They’re not young, one might say they know better, but that’s the thing about love. It’s a persistent, tenacious bastard, love. It seems it will continue to look and look until it finds the right perch.
I know one young woman who is experiencing her first big heartache. “How do people do this?” she asked, through the tears of sorrow and loss. How do you start all over again, knowing about the pain?
It’s a fair question. I don’t have the answer. Our hearts seem to never stop moving toward love.
Sometimes I get to marry folks; sometimes I get to photograph them. This was a particularly great one because it was just the two of them. The three of us, actually.
They could not stop smiling, laughing, touching, kissing. And the weather was perfect, too. They did the thing, said the words, gave each other rings, then we wandered around taking pictures, talking. I thanked them for loving each other so much because the world needs it so badly, the radiant energy that true love gifts to everyone and everything around it.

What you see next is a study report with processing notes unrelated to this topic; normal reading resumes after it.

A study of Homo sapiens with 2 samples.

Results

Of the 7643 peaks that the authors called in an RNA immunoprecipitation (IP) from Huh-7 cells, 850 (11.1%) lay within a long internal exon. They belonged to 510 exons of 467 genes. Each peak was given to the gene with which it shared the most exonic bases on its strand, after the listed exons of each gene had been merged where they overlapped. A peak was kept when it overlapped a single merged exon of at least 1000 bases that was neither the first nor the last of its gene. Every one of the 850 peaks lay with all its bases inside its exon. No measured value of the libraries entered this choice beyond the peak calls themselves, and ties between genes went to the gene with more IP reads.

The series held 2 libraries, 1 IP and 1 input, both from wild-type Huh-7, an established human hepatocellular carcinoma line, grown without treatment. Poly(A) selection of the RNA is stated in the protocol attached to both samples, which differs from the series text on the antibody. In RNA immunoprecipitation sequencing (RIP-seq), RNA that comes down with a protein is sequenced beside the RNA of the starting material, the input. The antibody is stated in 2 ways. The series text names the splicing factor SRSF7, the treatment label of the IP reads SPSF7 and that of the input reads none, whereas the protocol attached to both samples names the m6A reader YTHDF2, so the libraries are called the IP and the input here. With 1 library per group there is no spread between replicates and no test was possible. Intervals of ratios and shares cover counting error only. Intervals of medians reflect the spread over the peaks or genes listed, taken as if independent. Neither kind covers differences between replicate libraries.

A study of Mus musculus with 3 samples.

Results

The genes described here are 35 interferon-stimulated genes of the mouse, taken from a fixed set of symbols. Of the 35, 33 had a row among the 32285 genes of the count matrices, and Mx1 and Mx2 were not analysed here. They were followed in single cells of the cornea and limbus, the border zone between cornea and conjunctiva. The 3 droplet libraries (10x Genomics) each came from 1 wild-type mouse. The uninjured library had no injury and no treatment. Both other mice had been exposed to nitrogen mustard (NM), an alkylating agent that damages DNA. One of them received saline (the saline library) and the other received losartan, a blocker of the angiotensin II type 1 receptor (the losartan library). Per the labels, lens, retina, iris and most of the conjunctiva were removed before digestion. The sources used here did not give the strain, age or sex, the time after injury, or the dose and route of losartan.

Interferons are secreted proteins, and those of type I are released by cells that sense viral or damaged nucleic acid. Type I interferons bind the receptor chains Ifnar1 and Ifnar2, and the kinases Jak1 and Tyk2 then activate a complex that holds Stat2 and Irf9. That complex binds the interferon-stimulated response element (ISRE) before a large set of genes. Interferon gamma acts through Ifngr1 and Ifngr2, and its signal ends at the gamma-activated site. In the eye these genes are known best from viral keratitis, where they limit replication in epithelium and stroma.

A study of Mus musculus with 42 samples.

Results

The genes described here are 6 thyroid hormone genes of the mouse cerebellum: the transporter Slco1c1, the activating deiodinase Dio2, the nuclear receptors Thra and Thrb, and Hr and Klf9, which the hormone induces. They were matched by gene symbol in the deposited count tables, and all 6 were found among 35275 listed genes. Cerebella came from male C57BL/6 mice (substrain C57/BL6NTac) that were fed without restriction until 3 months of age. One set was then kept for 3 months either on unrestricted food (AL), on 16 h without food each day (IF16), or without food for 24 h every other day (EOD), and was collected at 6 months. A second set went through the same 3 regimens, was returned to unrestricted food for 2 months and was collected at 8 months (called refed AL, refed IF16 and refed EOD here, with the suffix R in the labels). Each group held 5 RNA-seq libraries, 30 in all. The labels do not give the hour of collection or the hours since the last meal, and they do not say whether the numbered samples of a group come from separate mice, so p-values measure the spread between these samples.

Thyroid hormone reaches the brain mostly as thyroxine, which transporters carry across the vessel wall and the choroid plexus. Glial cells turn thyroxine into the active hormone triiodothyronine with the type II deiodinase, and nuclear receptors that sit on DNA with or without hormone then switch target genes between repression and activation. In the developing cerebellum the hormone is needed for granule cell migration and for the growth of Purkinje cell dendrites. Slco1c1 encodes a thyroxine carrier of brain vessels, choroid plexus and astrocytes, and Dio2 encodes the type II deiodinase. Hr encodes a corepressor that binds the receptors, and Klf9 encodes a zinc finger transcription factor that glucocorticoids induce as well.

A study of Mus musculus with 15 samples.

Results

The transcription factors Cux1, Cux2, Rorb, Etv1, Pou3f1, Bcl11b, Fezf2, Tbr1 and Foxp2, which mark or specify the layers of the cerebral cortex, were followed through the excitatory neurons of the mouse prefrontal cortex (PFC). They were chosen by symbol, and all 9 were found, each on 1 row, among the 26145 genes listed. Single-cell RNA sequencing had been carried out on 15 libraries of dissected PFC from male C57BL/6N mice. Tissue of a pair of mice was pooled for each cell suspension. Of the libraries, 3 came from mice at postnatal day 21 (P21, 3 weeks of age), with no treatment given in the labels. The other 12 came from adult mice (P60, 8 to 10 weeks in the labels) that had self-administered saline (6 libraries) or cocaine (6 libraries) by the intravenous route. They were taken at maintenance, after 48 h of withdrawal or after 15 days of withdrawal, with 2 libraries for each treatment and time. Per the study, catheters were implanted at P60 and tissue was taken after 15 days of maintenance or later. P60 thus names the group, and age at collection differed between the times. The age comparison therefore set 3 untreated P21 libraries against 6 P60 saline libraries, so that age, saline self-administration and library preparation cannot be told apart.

We went to Arlington to the covered bridge. “It’s the second most photographed thing in Vermont,” the farmer who lives nearby told me. “What’s the first?” I asked. “I don’t know, “ he said. “Well you should probably find out,” I told him while the newlywed groom was using his phone to call the tow truck.
Their cute little car, a 1970 MG broke down when we had finished all of our photography stuff and were getting ready to head back to Dorset.
They were probably tired, wanting to get back to the inn and take their fancy clothes off, maybe, but had to deal with a brokedown car. I watched carefully during this part because you can tell a lot about a couple when they have to respond to a small crisis, solve a problem.
They were kind, so kind to each other. Helpful, patient, tolerant. Resourceful. I drove her back, he waited for the tow. Told them I’d be happy to take them home to Saratoga the next day, we were going anyway, but they made it back to their new married life on their own, just fine.